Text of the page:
Chicano Hispano Mexicano Studies
MSC02 1680
1 University of New Mexico
Albuquerque, NM 87131-0001

Phone: (505) 277-6414
Fax: (505) 212-0342

Summer Program


DOCUMENTARY FIELD SCHOOL 2009 Summer Special Session / June 8 - July 3 / 9-12 MTWRF UNM Main Campus-Week 1,2,4 / Valle de Allende, Chihuahua - Week 3

Chicano Hispano Mexicano Studies CHMS

Water Resources Program

UNM Taos – Water Institute

FIELD SEMINARS: A field based survey of the Acequia Culture and Systems of New Mexico and Chihuahua. Special attention to the folkways associated with traditional management of land, water, and agriculture. This overview of the ecology, history, ethnography, and sustainable systems of the region is accompanied by training in digital documentary technology, interview techniques, field notes, archiving, analysis, and the ethics of cultural representation. Day trip fieldwork will be conducted in Albuquerque & Carnuel, with extended field trip to Valle de Allende in Chihuahua state.

FIELD SITE: Founded in 1569 and originally named San Bartolomé, this beautiful spring-fed valley fed the Santa Bárbara mines. An 80 mile riparian forest of native pecans is the ecological setting. In 1598 the colonists who settled New Mexico spent many months here. Well into the 19th century Valle de Allende was the aduana or entry point into New Mexico. The area was the cradle of the new agriculture of New Mexico and is still home to an astounding variety of heritage crops. The acequia system also dates to the 16th century and is remarkable for its transition from rural to urban zones, where it flows alongside streets, under sidewalks, and through houses, where precious water is captured in patio fountains and aljibes or stone water cisterns.

OBJECTIVES: -Special emphasis on cultural mapping and qualitative research. -Training in contemporary ethnographic techniques and digital documentation. -Observation of the landscape, settlements, village plazas, etc. Analysis of small scale irrigation systems and the “acequia culture”: its ecological landscape, soils, rivers, aquifers, flora and fauna; as well as it material bases such as dams, ditches, canals, and irrigated plots. -Exploration of the acequia systems of Chihuahua and New Mexico with overview of cultural history and the development of agriculture.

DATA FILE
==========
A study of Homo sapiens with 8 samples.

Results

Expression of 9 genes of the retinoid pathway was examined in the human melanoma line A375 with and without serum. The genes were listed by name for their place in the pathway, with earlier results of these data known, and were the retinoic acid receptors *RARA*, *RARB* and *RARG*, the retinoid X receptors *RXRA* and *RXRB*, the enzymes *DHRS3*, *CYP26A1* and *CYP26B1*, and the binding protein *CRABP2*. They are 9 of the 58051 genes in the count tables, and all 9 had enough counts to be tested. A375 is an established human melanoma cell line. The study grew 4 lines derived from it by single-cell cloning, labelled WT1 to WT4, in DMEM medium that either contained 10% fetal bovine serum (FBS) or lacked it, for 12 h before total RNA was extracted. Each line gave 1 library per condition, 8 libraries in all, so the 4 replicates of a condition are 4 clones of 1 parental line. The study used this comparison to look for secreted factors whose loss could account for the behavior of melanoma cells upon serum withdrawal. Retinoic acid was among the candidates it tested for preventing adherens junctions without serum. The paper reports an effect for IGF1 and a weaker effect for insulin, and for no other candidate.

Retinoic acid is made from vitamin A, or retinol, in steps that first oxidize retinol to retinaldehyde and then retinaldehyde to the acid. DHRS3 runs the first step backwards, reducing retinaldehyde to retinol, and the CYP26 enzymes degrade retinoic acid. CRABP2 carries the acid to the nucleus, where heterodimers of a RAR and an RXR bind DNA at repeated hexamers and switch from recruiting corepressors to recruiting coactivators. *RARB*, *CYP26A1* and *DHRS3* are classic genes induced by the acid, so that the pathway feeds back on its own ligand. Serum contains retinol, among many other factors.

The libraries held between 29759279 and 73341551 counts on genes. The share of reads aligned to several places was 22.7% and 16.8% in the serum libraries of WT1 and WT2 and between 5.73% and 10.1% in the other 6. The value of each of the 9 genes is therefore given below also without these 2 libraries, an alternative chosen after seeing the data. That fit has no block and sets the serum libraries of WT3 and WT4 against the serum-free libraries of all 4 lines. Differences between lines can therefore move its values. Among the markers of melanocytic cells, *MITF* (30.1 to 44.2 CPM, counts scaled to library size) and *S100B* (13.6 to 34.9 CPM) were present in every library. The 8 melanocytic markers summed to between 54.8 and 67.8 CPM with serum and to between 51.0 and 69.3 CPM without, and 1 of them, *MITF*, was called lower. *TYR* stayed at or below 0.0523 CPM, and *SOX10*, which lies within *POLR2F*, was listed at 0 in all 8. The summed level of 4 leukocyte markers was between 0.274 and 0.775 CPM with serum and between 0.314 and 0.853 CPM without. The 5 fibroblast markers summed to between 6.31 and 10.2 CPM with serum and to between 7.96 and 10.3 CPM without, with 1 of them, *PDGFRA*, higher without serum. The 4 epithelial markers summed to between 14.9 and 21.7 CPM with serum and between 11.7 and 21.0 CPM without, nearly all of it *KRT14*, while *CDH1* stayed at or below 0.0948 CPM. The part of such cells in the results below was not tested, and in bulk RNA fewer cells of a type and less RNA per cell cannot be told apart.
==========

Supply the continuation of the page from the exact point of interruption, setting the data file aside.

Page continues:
TASKS: Students will expand their understanding of Acequia Culture in New Mexico through field work and participant observation. Methods of inquiry include: -Reading / selected bibliography and web sites -Interviews of cultural practitioners -Seminar discussions -Writing for scripts and labels Students will document their field work with: -Field notes and diary -Digital photo, audio, and visual imaging -Transcriptions, indexing, and analysis Students will edit and present their findings in the following formats: -Photo essays, with commentaries illustrating some aspect of the celebrations and traditions that we are documenting -Audio collages. -Video pieces. -Poster presentations. -On line audio visual pieces (digital “slide/tape shows”.

PROFESSORS: From UNM include cultural historian Enrique Lamadrid – CHMS; photographer and documentarian Miguel Gandert – Communications & Journalism, and water systems engineer Bruce Thomson – Water Resources. From UNM Taos acequia historian and activist Estevan Arellano. From Colegio de Postgrados del Instituto Nacional de Agricultura, Tomás Martínez Saldaña, Mexico’s renown scholar of acequia systems. Special guest lectures and field presentations by José Rivera, Sylvia Rodríguez, and Manuel García y Griego.

CREDIT: Students can earn up to 6 credit hours in this project and are encouraged to sign up for all 6. Weekly hours are the same for 3 as for 6. Students can enroll in any of the cross list sections (003 and 004): 17710 CHMS 393 003 Intercultural Legacy: Borderlands - M.Gandert AMST 350 003, ANTH 340 003, ARCH 412/512 003, NATV 450 003 17711 CHMS 393 004 Acequia Culture-Fieldwork - E. Lamadrid ANTH 399 004, C&J 413 004, SPAN 301 004 Graduate credit is available in the above departments on an individual basis. Graduate students from the Water Resources Program will be joining us in Mexico.

SCHEDULE: Morning workshops and classes, afternoon field work and editing sessions. Eleven day field trip to Chihuahua state June 16-26, 2008. In a final seminar on August 29 students present their research in a multi-media forum

EVALUATION: Based on participation in all the events: classes, lectures, fieldwork, field research, laboratory, and final seminar. All participants will choose an area of study and conduct field research which will be processed in multiple digital formats and presented in poster, power point, video and audio formats at the public forum on August 31, 2008.

COSTS: 6 hours of Summer Session tuition - same for in and out of state. $250 field work fee to cover transportation, housing, and some group meals in Mexico.

TEXTS: On electronic reserve: Selected articles, Mexican books, websites - Library of Congress, NMAA, Google Earth, etc.

Crawford, Stanley. Mayordomo: Chronicle of an Acequia in Northern New Mexico.

Rivera, José. Acequia Culture.

Rodríguez, Sylvia. Acequia: Water Sharing, Sanctity, and Place.

Please click here for the 2009 Summer Application.